National NOW Foundation Times  >> Spring 2008 >> Article

Overcoming Distortion and Fear on Transgender Rights

By Guest Writer Dana Beyer, M.D., Maryland NOW Action Vice President

Nothing, it seems, causes more controversy than the efforts by victims of discrimination to stand up for their rights. From civil rights struggles to the fight for women's rights and the rights of the LGBT community, opponents of equal justice under the law vilify groups that are demanding not special treatment, but only justice.

The nationwide efforts to pass the Local Law Enforcement Hate Crimes Prevention Act, which adds "gender, sexual orientation, gender identity and disability" to the list of groups protected from hate crimes, is a top priority of NOW and the LGBT community and many national and local groups. But it has also drawn fire from right-wing websites, organizations and agitators bent on sowing hatred and division.

Many communities hear of such attacks and say, "it can't happen here." But it does happen, all too often, especially when forward-thinking elected officials take a stand to put government on the side of justice and equality. Montgomery County, Maryland, has a reputation as one of the most progressive counties in the United States. So it comes as a shock that this county would be the target of a frontal assault by the forces of right-wing religious extremism.

But that's just what happened when word got out last November that the Montgomery County Council had passed a measure prohibiting anti-transgender discrimination, adding the county to the ranks of the 34 percent of the U.S. population covered by transgender-specific laws, including 10 states and the District of Columbia. Councilmember Duchy Trachtenberg, a National NOW Board member and former Maryland NOW president, introduced and championed the measure because she agreed it was the right thing to do.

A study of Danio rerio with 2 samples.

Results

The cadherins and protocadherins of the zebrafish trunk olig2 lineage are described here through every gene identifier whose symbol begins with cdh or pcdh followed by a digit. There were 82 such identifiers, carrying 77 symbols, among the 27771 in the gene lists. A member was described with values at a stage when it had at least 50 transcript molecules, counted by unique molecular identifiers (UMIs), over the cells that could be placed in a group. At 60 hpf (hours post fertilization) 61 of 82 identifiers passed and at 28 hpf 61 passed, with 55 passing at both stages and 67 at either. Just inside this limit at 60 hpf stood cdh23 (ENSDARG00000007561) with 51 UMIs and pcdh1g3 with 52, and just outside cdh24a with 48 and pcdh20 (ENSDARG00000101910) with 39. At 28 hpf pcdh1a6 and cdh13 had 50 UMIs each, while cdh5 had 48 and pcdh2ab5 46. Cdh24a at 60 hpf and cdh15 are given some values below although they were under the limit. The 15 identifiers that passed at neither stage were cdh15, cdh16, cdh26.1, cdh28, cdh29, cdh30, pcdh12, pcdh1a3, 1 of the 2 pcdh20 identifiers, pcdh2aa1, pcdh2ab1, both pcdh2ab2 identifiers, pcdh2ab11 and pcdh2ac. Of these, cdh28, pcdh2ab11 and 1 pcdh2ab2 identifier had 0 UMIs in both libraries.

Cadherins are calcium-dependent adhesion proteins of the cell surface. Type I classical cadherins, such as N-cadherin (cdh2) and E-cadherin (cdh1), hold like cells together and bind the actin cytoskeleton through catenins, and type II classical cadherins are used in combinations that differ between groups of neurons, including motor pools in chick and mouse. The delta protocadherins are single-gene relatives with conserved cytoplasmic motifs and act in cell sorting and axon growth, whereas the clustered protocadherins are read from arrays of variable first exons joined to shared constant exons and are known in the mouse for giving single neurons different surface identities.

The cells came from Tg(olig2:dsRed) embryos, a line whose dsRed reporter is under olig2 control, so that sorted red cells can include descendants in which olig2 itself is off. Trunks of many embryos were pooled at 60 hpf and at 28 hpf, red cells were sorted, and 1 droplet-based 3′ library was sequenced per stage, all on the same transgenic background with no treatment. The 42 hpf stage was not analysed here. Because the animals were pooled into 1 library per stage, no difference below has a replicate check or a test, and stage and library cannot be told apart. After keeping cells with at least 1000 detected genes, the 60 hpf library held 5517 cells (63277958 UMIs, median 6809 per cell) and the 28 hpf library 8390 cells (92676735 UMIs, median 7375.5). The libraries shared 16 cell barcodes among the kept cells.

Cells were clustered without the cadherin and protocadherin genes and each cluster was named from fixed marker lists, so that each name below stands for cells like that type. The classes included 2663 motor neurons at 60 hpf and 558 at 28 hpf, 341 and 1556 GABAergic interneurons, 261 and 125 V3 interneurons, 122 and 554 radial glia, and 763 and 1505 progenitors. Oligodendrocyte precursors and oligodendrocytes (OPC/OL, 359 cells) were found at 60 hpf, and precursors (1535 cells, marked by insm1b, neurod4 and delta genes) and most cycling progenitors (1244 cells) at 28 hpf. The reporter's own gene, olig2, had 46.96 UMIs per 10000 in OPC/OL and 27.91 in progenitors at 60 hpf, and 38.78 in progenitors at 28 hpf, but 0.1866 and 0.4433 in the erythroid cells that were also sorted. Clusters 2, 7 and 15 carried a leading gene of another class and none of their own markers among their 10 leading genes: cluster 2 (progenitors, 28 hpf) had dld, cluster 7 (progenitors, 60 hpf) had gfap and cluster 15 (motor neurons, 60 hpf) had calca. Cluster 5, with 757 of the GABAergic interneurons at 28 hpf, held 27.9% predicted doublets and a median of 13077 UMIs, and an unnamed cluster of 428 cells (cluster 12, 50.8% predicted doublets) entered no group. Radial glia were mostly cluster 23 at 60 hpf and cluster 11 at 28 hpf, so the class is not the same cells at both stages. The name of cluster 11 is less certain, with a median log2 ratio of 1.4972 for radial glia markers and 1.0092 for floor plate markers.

For those on the lower end of the economic scale, transgender discrimination may mean housing difficulties, loss of job or career, and difficulty finding a job. For those on the upper end, fear of discrimination often locks people into undesired relationships and jobs, similar to how the fear of losing health coverage may paralyze those considering divorce or changing jobs. But everyone is affected by hate violence: Four transgender women were murdered in D.C. in 2004.

Liberal Battleground for Reactionary Forces

The 2004 election sparked a campaign by reactionary forces to make Montgomery County the battleground for a hateful agenda, unsupportable County deliberately, announcing that if they could win here, they could win anywhere.

After three years of action, primarily manifested in lawsuit after lawsuit, opponents of LGBT rights gave up trying to influence the local school system's sex-education curriculum. They even, inadvertently, managed to force the development of a new, more comprehensive and up-to-date curriculum which included gender identity for the first time. Their group, Citizens for a Responsible Curriculum, then morphed into Citizens for Responsible Government and engineered a campaign of fear and hate-mongering against the county because of the new anti-discrimination law.

That law had passed unanimously in November 2007, and was signed by the county executive a week later. The forces of Biblical literalism, however, with support from national groups such as the Internet "news" site worldnetdaily.com, the Concerned Women for America and the Traditional Values Coalition, flooded the Montgomery County Council staff offices with hate mail and phone calls. In this day of bundled long-distance services and free blast emails, it was not a difficult challenge. They went so far as to stage a hoax at a local health club, misrepresented the facts while working to collect signatures to force a referendum on the law, which is currently being held in abeyance, and stormed the council meeting where the law was passed, shouting "Heil, Hitler" to Councilmember Trachtenberg. Their shameless framing of the law, repeatedly challenged by the council, executive and county attorneys, was that this law forced unisex bathrooms on the population, and was a green light for predators and pedophiles to infiltrate the women's bathrooms to rape and murder our daughters and wives.

Unfortunately the overburdened County Board of Elections chose to review the signatures in a cursory manner and certified the petition for a referendum, forcing the activist community to expend time, effort and money to challenge over 30,000 signatures. That process is now in play, with a hearing set in Circuit Court for June 11. We intend to prevail, but everyone should be forewarned by our experience here in liberal Montgomery County that it can, indeed, happen even in your neighborhood.